Water is crucial element in human body and insufficient intake of water leads to numerous problems and malfunctions. 75% of body's weight is actually water. The majority of that percentage is situated in the cells and the rest is in the extracellular space. Dehydration is a consequence of inadequate intake of water or increased loss of water.
Dehydration in Children
Most parents start to worry and think about possible dehydration only when their child is suffering from some illness. This particularly occurs if a child vomits or has diarrhea. But they should also pay close attention and prevent dehydration even if there is no disease involved. Namely, hot summer days and inappropriate intake of water may also be responsible for the occurrence of dehydration. In mild cases parents can compensate for the loss of water by increasing the intake of fluids. In severe cases, they are supposed to take the child to doctor. Vomiting is one of the leading causes of dehydration in children. Many parents make mistake and try to compensate for the loss of water by forcing their child to drink too much water too quickly. This can only make the situation worse. They should be more careful and know that even small amounts of water taken in pauses may be more beneficial than forcing a child to drink as much as he/ she can.
While examining the sick child pediatricians examine the amount of weight loss which correlates with the degree of dehydration, the amount of the excreted urine, moisture of mouth and tongue and signs of sunken eyes, and they examine skin turgor of the child to see whether the skin is elastic enough and has appropriate amount of water to turn into the normal position.
Symptoms of Mild Dehydration in Children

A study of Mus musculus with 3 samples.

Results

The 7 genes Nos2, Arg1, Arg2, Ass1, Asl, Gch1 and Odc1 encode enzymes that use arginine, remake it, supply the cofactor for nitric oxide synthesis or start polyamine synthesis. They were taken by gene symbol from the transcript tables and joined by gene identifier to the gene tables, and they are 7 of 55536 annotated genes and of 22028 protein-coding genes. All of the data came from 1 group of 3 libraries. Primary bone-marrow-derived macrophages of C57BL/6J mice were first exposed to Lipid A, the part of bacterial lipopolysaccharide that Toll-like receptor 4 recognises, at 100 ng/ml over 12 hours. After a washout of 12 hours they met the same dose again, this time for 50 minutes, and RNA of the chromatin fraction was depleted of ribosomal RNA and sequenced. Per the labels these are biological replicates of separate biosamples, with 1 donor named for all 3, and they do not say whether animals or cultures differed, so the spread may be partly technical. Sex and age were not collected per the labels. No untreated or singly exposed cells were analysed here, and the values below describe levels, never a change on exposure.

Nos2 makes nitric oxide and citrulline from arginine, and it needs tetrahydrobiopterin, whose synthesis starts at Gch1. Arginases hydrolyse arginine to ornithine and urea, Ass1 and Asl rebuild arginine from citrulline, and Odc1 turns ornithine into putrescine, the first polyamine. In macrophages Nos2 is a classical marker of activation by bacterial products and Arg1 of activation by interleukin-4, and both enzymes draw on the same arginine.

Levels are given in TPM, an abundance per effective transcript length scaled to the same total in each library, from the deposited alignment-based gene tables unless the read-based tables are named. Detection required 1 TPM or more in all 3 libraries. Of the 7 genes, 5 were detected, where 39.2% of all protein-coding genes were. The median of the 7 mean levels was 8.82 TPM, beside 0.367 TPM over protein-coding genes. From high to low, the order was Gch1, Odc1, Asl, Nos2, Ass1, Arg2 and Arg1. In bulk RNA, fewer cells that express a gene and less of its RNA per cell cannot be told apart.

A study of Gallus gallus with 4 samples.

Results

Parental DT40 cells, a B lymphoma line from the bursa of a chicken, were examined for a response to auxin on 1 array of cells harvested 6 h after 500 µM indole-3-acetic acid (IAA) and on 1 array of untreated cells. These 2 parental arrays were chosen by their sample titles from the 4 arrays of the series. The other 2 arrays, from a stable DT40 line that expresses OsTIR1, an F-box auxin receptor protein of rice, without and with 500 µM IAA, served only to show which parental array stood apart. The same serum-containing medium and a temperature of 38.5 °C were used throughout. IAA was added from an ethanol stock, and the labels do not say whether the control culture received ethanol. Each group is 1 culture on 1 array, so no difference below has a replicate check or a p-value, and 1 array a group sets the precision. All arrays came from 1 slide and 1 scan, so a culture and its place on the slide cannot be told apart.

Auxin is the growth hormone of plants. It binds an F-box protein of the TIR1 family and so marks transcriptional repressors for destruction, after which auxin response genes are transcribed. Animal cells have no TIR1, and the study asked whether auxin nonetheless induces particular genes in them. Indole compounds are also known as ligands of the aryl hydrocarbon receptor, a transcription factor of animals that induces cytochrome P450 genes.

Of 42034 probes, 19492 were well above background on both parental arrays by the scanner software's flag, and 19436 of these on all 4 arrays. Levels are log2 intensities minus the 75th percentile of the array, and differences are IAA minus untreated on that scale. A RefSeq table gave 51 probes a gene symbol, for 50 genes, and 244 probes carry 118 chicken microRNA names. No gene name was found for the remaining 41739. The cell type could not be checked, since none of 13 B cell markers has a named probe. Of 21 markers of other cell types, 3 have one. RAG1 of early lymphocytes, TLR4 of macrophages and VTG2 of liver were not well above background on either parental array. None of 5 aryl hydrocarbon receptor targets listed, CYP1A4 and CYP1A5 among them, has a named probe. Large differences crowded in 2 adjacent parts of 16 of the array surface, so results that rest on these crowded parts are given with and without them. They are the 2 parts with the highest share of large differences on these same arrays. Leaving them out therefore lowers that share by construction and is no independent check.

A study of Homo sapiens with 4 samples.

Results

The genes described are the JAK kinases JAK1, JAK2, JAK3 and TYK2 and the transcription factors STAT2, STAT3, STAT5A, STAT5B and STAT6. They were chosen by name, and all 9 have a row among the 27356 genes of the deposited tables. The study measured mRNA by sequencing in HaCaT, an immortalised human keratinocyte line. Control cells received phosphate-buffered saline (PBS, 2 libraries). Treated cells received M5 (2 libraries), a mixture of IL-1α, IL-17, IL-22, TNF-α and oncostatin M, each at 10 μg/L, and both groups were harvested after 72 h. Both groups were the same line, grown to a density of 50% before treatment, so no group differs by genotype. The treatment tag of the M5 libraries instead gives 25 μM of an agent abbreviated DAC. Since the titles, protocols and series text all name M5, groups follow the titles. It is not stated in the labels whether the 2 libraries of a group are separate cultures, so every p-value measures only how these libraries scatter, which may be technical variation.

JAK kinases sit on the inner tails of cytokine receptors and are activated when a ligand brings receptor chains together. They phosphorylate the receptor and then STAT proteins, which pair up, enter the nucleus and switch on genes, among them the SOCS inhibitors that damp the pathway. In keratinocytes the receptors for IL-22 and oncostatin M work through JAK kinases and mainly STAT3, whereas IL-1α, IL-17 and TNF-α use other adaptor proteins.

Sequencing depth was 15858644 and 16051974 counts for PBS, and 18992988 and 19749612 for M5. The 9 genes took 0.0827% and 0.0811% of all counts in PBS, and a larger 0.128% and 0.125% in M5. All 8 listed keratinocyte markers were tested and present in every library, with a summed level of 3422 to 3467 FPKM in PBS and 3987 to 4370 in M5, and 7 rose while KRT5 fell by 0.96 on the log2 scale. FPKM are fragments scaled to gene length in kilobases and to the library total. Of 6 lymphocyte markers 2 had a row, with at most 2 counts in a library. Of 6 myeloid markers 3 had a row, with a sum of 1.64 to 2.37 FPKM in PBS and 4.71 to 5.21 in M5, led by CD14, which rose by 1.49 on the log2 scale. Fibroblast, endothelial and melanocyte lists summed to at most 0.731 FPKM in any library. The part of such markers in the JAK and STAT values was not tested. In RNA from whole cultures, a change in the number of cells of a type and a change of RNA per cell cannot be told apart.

Symptoms of mild dehydration include normal thirst or refusal to take certain fluids, preserved moist of mouth and tongue, slightly decrease of urine output, and less than 3 % of weight loss. Heart rate and breathing are normal and extremities are warm. In children eyes are not sunken and there is no sign of sunken fontanel in babies.
Symptoms of Mild to Moderate Dehydration in Children
Progression of dehydration causes tiredness, restless and irritability. The child is very thirsty and his/ her mouth and tongue are obviously dry. The output of urine is significantly reduced. Loss of weight accounts for 3-9%. Heart rate and breathing can be normal or slightly increased. Extremities become cool. Turgor test lasts less than 2 seconds and eyes and/ or fontanel are slightly sunken.
Symptoms of Severe Dehydration in Children
Severe dehydration requires prompt medical help and instant compensation for the loss of fluid. Children suffering from severe dehydration are lethargic and may lose consciousness. They are most commonly unable to drink or can drink very little. The mouth and tongue are parched. Urine output is minimal and the entire weight loss is 9% or more. The heart rate is increased, pulse is weak and the breathing is deep. The extremities are mottled and cold. Turgor test lasts more than 2 seconds. And finally, eyes are deeply sunken and this also refers to fontanel in babies.